OPM regs threaten permanent employees

Last September the Office of Personnel Management issued proposed rules designed to streamline the process by which the government hires nonpermanent employees. These regulations could produce negative consequences for permanent employees. In 1962 agencies were authorized to use term appointments spanning up to four years for project work with the approval of the Civil Service Commission (the predecessor to OPM). A few years later agencies were given authority to fill such positions without prior approval. In January 1995 OPM broadened the conditions under which agencies could make term appointments to include nonpermanent situations other than project work.

Some agencies have questioned whether they can appoint an employee to a second term in the same position in cases involving a continued need for an employee beyond the four-year limit. The proposed regulations allow an agency to extend a four-year appointment if officials document the reasons for the continued need and seek OPM approval.

I fear some agencies may use this device to sidestep civil service regulations. Given the choice of hiring temporary or permanent employees in the current environment most people would naturally choose temporary ones. A manager who places an employee in a temporary position can essentially terminate the employee at any time. The manager would need to state only that the agency no longer requires the employee's services.

The proposed regulations also include changes to the procedures managers must follow when hiring term employees. OPM and other agencies used to maintain standing registers of potential employees eligible for various positions. As OPM began decentralizing its hiring authority the agency moved away from the concept of maintaining registers. Consequently the old system of agencies seeking authority to hire employees not listed on registers to fill term appointments is no longer needed according to OPM.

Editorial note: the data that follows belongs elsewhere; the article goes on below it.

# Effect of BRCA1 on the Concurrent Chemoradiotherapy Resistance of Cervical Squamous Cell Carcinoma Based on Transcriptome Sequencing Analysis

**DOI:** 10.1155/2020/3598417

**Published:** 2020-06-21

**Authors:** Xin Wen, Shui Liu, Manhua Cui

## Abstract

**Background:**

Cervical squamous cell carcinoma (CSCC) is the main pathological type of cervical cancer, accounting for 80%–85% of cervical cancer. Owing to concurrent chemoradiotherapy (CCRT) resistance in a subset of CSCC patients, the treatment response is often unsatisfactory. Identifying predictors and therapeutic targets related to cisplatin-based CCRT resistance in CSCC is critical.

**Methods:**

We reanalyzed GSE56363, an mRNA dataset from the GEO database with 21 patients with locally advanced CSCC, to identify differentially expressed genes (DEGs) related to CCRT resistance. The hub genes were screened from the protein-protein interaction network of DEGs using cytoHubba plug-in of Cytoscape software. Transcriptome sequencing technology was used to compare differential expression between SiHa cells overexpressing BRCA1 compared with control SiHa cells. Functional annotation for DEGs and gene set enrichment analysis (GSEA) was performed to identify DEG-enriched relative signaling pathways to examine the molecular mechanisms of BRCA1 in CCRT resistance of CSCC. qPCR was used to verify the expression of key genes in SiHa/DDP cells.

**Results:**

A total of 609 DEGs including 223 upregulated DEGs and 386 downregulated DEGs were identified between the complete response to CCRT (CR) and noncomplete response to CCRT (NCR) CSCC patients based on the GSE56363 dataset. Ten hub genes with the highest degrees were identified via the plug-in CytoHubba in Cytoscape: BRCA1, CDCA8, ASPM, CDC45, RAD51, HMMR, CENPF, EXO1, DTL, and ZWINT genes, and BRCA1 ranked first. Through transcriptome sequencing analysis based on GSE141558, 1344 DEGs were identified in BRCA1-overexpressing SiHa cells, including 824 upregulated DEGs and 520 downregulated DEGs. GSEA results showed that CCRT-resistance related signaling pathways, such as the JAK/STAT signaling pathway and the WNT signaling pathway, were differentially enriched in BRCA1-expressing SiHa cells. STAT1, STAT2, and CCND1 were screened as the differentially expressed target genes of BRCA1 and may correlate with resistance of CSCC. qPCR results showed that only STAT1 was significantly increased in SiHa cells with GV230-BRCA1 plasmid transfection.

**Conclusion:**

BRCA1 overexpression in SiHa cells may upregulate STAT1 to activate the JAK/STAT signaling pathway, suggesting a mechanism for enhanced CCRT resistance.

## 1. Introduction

In addition OPM said term and permanent employees should be appointed in the same manner because term appointees can serve for long periods of time and are entitled to benefits similar to permanent employees. Term appointees would have to serve a trial or probationary period just as permanent employees do OPM said.

The proposed rules would also:* Permit agencies to noncompetitively reappoint employees who previously held temporary positions and were injured on the job. Such employees could be reappointed to any position for which they are qualified if their injury - from which they have recovered - disqualified them from performing the duties of their previous jobs.

* Allow agencies to noncompetitively appoint individuals with disabilities to term positions. This would give the individuals an opportunity to demonstrate their potential for successful job performance with or without accommodation. If an appointee successfully demonstrated her ability to work with or without accommodation the agency could remove the time limit on her appointment and convert the employee to career or career-conditional status. Of course if the employee were receiving a disability retirement benefit it would cease.

Loosening the criteria for establishing and filling temporary and term positions is bad news for federal workers. Federal managers love to play all sorts of games instead of concentrating on their jobs. These regulations will contribute only to more game playing to the detriment of dedicated and conscientious permanent federal employees.Bureaucratus is a retired federal employee who is a regular contributor to Federal Computer Week.